In the weeks that have followed the announcement that President Barack Obama had been awarded the Nobel Peace Prize, there were no doubt moments when former Prime Minister Thorbjørn Jagland has wondered whether they did the right thing. The critics refuse to go away.
His question, won’t it be too late to respond 3 years from now? And his comment at the press conference when he asked, “who has done more to advance the cause of world peace?” expressed his logic and the reasoning of his fellow board members. Since then he has been attacked from many sides, most recently in the Wall Street Journal.
But whether or not the Nobel Peace Prize should have been awarded to the American President only a few months into his Presidency (even President Obama said that he was not sure that he had yet earned a place among the transformational figures who have been awarded the prize), it does raise some interesting questions.
In recent weeks the question of Copenhagen has had to play a much bigger role in the conversations at Rahm Emanuel’s conference table where Presidential schedules are planned. No, not the trip to Copenhagen to make the pitch for Chicago’s bid to host the Olympics, the trip that would outline the U.S. position toward a global Climate Change treaty. Would the President go? Would the Chinese and the Indians do enough to make a US response necessary?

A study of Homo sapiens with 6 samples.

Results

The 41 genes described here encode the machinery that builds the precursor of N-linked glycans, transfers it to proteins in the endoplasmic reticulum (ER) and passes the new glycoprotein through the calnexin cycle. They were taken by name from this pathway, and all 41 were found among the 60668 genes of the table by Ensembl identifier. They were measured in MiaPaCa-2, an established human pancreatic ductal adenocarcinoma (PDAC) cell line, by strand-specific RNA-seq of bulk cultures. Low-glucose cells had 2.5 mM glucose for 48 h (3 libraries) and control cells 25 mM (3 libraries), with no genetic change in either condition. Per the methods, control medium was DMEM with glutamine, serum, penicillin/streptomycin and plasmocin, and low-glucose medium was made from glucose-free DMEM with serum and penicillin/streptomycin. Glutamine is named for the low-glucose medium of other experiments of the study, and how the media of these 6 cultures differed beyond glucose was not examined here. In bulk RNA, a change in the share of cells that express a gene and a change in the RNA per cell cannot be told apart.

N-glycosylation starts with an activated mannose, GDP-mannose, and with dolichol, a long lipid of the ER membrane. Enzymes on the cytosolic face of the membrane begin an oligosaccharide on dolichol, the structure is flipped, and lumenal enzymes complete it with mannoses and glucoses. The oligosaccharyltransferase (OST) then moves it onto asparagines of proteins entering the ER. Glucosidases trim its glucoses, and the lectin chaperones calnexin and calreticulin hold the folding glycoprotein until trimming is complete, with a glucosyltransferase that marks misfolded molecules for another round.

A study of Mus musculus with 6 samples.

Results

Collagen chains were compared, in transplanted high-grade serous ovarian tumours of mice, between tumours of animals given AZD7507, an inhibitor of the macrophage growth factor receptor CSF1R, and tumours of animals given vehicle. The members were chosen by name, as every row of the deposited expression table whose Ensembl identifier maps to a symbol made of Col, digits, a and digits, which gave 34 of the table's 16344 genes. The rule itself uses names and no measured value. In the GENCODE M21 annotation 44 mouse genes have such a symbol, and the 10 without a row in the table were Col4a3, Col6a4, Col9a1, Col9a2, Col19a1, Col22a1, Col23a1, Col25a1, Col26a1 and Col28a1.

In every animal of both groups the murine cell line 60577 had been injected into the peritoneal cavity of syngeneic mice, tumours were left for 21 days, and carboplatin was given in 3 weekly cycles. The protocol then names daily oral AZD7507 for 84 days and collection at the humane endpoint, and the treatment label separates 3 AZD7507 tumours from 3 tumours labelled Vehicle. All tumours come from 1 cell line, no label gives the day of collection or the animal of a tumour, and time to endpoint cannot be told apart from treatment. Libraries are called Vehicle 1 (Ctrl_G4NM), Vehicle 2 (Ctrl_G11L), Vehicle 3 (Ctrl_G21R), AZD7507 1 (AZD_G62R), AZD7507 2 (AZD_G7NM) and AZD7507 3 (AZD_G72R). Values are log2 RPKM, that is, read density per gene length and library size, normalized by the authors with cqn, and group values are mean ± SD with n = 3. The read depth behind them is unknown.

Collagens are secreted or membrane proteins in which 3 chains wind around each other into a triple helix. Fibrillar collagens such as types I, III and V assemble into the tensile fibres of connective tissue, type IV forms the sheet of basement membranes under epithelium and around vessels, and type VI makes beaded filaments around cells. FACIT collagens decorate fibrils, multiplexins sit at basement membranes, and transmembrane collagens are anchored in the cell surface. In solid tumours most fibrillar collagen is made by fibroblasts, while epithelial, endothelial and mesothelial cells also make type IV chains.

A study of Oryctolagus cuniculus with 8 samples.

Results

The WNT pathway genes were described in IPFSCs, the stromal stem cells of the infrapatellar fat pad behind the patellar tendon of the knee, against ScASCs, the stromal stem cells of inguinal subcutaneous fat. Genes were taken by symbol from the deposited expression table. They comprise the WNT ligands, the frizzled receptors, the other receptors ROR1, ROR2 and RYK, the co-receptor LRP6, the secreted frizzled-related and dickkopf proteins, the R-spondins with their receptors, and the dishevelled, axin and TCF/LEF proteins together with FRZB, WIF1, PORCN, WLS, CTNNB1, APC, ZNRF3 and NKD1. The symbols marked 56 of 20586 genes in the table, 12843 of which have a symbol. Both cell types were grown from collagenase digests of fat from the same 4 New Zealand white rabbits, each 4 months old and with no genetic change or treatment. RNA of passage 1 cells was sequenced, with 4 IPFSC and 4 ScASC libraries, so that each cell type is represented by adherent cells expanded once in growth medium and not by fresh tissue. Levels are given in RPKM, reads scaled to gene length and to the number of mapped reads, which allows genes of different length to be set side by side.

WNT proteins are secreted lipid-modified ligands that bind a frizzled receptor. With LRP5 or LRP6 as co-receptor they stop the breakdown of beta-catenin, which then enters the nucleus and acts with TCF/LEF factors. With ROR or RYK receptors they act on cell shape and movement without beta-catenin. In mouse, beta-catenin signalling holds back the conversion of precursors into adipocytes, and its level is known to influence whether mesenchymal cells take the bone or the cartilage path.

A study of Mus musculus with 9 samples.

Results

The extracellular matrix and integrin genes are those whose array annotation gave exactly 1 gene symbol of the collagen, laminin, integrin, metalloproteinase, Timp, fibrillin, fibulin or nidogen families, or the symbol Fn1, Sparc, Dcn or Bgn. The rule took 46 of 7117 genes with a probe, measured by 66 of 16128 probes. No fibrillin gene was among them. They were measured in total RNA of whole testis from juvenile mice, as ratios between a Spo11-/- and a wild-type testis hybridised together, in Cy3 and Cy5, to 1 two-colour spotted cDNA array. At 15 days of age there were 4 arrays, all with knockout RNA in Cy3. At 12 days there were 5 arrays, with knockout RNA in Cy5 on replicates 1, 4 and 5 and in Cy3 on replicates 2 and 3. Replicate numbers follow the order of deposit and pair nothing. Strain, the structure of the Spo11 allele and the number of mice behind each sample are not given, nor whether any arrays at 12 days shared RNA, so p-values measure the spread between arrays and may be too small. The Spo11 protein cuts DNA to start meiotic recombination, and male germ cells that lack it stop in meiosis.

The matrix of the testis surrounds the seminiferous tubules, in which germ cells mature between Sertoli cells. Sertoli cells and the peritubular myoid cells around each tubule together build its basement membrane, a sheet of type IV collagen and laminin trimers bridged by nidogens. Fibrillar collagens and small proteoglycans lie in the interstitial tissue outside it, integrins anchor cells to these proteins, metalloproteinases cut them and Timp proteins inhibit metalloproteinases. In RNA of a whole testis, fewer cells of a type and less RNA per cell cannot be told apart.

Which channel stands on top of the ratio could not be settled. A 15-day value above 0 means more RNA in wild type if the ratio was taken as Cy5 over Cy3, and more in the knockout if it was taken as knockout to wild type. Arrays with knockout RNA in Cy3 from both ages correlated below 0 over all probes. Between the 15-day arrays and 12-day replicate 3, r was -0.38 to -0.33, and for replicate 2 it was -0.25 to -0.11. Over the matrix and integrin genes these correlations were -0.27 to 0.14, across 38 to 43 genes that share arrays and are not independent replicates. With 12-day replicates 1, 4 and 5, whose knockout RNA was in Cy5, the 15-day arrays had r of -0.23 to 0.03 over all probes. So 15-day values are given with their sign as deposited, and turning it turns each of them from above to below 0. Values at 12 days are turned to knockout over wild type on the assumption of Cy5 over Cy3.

In early October 2009 there are many voices seeking to anticipate or even to influence the Climate Change policy debate. Many are predicting that there will not be the kind of global policy that had been anticipated. Nor do most people think that the US Congress, embroiled in debates over health care, could turn to passage of the Cap and Trade bill that would set US Climate change policy.
And now, President Obama will be going to Oslo on December 10th to receive the Nobel Peace Prize.
The website of the Norwegian delegation to the Council of Europe where former Prime Minister Jagland presides, there is an interesting note. “In its awards to Wangari Maathai in 2004 and to the Intergovernmental Panel on Climate Change (IPCC) and Al Gore in 2007, the Nobel Committee has indicated that its concept of peace now also embraces efforts to limit the harm done by man-made climate change and threats to the environment.” There is no question that they have their eye on the Copenhagen Climate Change conference as well.
Back to Mr. Emanuel’s conference table where the ghost of former Prime Minister Jagland now has a place. Can the President skip Copenhagen and then go to Oslo? Tricky question indeed.